There is a common misconception that those who are Catholic cannot disagree or go against anything that the pope says because he is the pope and so what he says should obviously go. This, however, is not true. I have written in another article here about papal infallibility ("Matthew 16:18 and Papal Infallibility") and what that does and does not mean, so I will just reiterate here that the Church does not teach that every single thing the pope says is infallible, only those things that have to do with faith and morals and that are preceded by a special statement that the pope is speaking infallibly through the Holy Spirit. There are times where the pope speaks off the cuff, like in interviews on an airplane which Pope Francis has done many times, and these things are said in the moment and don’t require prayer and reflection before they are said. The pope is a human being just like the rest of us and things that he says can be wrong or just his opinion, and it is these things that Catholics are free to disagree with, or even speak out against if the situation requires it.
It is this last point that I wish to elaborate on in this article. When we speak out against certain people for endorsing things that go against Church teaching, we are pointing out an error in judgment that jeopardizes their eternal salvation and calling them back to the fold of the Truth that Christ and His Church teaches. And at certain times, this may even have to be applied to the leaders of the Church. No one is perfect, and a man by no means becomes perfect when he becomes a priest, a bishop, or the pope. Even Jesus scolded Peter for misinterpreting what He taught about His Death, and that was right after He declared him the first pope (Matthew 16:18, 23). Far from being disrespectful to or undermining the authority of our leaders, calling them out reminds them of their duty to uphold the teachings of Christ that they vowed to enforce when they took their office, and of the effect that failing to do so will have on their flock, which they have been chosen to safeguard.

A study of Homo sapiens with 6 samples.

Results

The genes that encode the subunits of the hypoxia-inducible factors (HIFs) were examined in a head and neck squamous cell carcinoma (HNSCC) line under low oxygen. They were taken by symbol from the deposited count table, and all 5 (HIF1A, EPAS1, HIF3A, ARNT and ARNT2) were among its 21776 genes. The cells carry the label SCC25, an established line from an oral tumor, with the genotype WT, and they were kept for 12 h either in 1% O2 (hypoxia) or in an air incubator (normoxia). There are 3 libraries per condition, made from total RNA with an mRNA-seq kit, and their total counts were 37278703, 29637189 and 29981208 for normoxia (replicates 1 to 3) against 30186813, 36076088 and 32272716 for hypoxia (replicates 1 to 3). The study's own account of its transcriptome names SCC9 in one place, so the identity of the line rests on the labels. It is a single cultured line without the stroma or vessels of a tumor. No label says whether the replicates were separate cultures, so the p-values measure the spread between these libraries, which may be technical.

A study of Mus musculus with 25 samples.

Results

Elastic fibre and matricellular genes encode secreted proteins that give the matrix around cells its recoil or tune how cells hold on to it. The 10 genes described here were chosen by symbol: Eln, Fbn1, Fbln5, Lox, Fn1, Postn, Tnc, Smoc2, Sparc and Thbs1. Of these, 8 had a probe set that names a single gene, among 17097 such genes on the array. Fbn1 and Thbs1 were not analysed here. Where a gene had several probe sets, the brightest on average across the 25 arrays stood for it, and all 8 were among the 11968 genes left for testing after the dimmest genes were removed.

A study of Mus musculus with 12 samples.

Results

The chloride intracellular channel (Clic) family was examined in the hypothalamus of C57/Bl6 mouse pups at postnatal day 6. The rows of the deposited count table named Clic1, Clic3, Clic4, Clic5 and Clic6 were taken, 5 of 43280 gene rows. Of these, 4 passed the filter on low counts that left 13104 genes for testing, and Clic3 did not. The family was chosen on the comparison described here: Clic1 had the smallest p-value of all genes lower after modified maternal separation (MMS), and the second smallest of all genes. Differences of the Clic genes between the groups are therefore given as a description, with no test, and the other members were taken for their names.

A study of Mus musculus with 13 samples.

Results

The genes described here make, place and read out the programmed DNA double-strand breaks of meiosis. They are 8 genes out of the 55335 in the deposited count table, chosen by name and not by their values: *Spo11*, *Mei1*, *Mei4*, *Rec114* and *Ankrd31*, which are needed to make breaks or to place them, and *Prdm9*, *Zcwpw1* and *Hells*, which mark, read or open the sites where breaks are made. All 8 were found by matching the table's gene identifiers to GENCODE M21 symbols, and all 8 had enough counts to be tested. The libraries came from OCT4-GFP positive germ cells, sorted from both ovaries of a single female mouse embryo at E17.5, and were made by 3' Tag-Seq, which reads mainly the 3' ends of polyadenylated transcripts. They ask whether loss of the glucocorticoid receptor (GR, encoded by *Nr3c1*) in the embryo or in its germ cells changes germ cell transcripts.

Sadly, there have been instances of bishops and priests who have raised concerns and spoken out concerning some things that Pope Francis has said and they were silenced or reassigned. Bishop Daniel Fernandez Torres of the Diocese of Arecibo in Puerto Rico, was removed from office with no real explanation, although he was told that he had not been in obedience to the pope, supposedly concerning the COVID vaccine mandate, which does not fall under the infallible teaching of the Church. This means that Catholics in good conscience can decide to refuse the vaccine if they wish, especially considering its links to the use of fetal tissue from aborted babies being used in the testing and production of the vaccines. In another instance, Father Jesusmary, a pen name for the African priest Abbe Janvier Gbenou, spoke out in charity when Pope Francis made statements which seemed to endorse civil same-sex unions in October of 2020. He was then expelled from the organization Opus Dei and also suspended as a priest, being told he could only celebrate Mass in private if he stopped criticizing the pope publicly. Whether a marriage is a civil union or a sacramental marriage in the Church, it still should follow God’s natural plan for marriage, which is a man and a woman brought together for life for the procreation and raising of children. Affirming these truths, both of marriage and of a Catholic’s individual right to make medical decisions on their own when it does not conflict with the Church, is what we are all called to do and even more so what bishops and priests have a duty to do.
Jesus told His disciples that the world had persecuted Him and that it would persecute them also (John 15:20). Thus, those who speak out in the defense of Him and His Church will be shunned and criticized for doing what is right, and sadly some of it will even come from within the Church. However, we must continue to be steadfast and speak out because that is true charity. When we are talking about the leaders in the Church, we must make sure that we are keeping our criticisms about the issue at hand, and not make it about attacking the person or their office. Above all, we must continue to pray for the leaders of our Church, especially when they stray from the teachings that they have sworn to uphold, and for the people who are attacked for doing what they should by upholding the truth of these teachings.